You must show you have "good moral character" (GMC) to qualify for citizenship. GMC is defined as meeting the (moral) standards of average citizens in your community. In general, if you are an honest person who obeys the law, you can qualify.
Most people can show good moral character if they pay taxes and child support, and do not get in trouble or break the law. The citizenship application has GMC questions about:
• committing crimes,
• harming others or belonging to a group that harms others,
• lying on immigration or government benefit applications,
• helping family members illegally enter the U.S.
• and more.
For a long list of good moral character questions, look at Part 12 of the citizenship application (Form N400).
A few GMC rules are tricky. Examples: Marijuana is legal in many states, but not for (federal) immigration law. In some local elections, voting is legal for noncitizens. But noncitizens cannot vote in a federal election.
How does the USCIS decide if I have good moral character?
The USCIS will investigate you. It can review your citizenship application, your other immigration applications, and use your fingerprints to find arrest or conviction records, and more. The USCIS will focus on the 5 years before you apply for citizenship and take the oath. The USCIS claims it can consider time before those 5 years too.
The citizenship application has many questions about moral character. For most of those questions, a "yes" answer is a problem. Examples:
• Did you ever say you are a U.S. citizen?
• Did you ever vote in a U.S. election?
• Do you owe taxes? Did you fail to file taxes?
• Were you in a military, police, or rebel group?
• Did you ever commit a crime (including crimes that you were not arrested for)?
• Have you been convicted of a crime?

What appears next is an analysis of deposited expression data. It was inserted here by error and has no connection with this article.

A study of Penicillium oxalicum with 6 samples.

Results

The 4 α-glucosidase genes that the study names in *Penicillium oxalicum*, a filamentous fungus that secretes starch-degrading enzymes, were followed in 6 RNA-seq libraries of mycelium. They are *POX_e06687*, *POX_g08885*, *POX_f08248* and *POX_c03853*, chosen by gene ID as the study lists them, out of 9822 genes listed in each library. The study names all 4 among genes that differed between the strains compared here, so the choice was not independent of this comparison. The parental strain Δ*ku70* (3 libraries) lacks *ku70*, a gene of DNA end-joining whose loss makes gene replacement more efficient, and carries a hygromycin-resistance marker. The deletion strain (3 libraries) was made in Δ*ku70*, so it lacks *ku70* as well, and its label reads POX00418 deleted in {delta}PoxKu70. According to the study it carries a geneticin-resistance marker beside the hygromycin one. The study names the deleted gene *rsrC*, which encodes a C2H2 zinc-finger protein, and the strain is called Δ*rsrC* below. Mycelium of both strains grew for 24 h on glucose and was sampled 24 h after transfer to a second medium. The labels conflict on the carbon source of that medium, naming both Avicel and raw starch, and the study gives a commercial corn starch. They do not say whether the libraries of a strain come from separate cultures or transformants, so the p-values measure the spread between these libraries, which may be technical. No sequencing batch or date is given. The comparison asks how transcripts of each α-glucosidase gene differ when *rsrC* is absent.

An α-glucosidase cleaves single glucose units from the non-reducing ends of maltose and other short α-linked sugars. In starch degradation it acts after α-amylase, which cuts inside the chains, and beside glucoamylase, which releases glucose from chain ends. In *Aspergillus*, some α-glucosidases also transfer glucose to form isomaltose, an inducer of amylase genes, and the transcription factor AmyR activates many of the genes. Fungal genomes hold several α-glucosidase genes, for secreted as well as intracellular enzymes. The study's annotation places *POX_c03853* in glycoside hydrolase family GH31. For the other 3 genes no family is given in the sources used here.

• Have you been a "habitual drunkard?"
In addition, the USCIS may look at your marital history, employment history, tax records, your children's addresses, Selective Service information, and more. They may check if you:
• married for immigration benefits or were married to more than one person at the same time
• reported your employment for taxes, or worked for the marijuana industry
• owe child support (if a court ordered)
• registered for Selective Service or explained your failure to register (males only)
• had an asylum case, or come from a war-torn country, and were part of a group that harmed others.
Some serious crimes disqualify you from ever showing good moral character, and make you deportable.
What if I am not sure about good moral character?
Review your citizenship application, your green card application, and any other immigration applications. Check for matching information, or answers that might cause problems. If you think you might have a problem showing good moral character, get legal help. A legal expert can help you understand if you should apply now, apply later, or take steps to fix your GMC problem. To find legal help, click here. If you already have a Citizenshipworks account, write to us: firstname.lastname@example.org.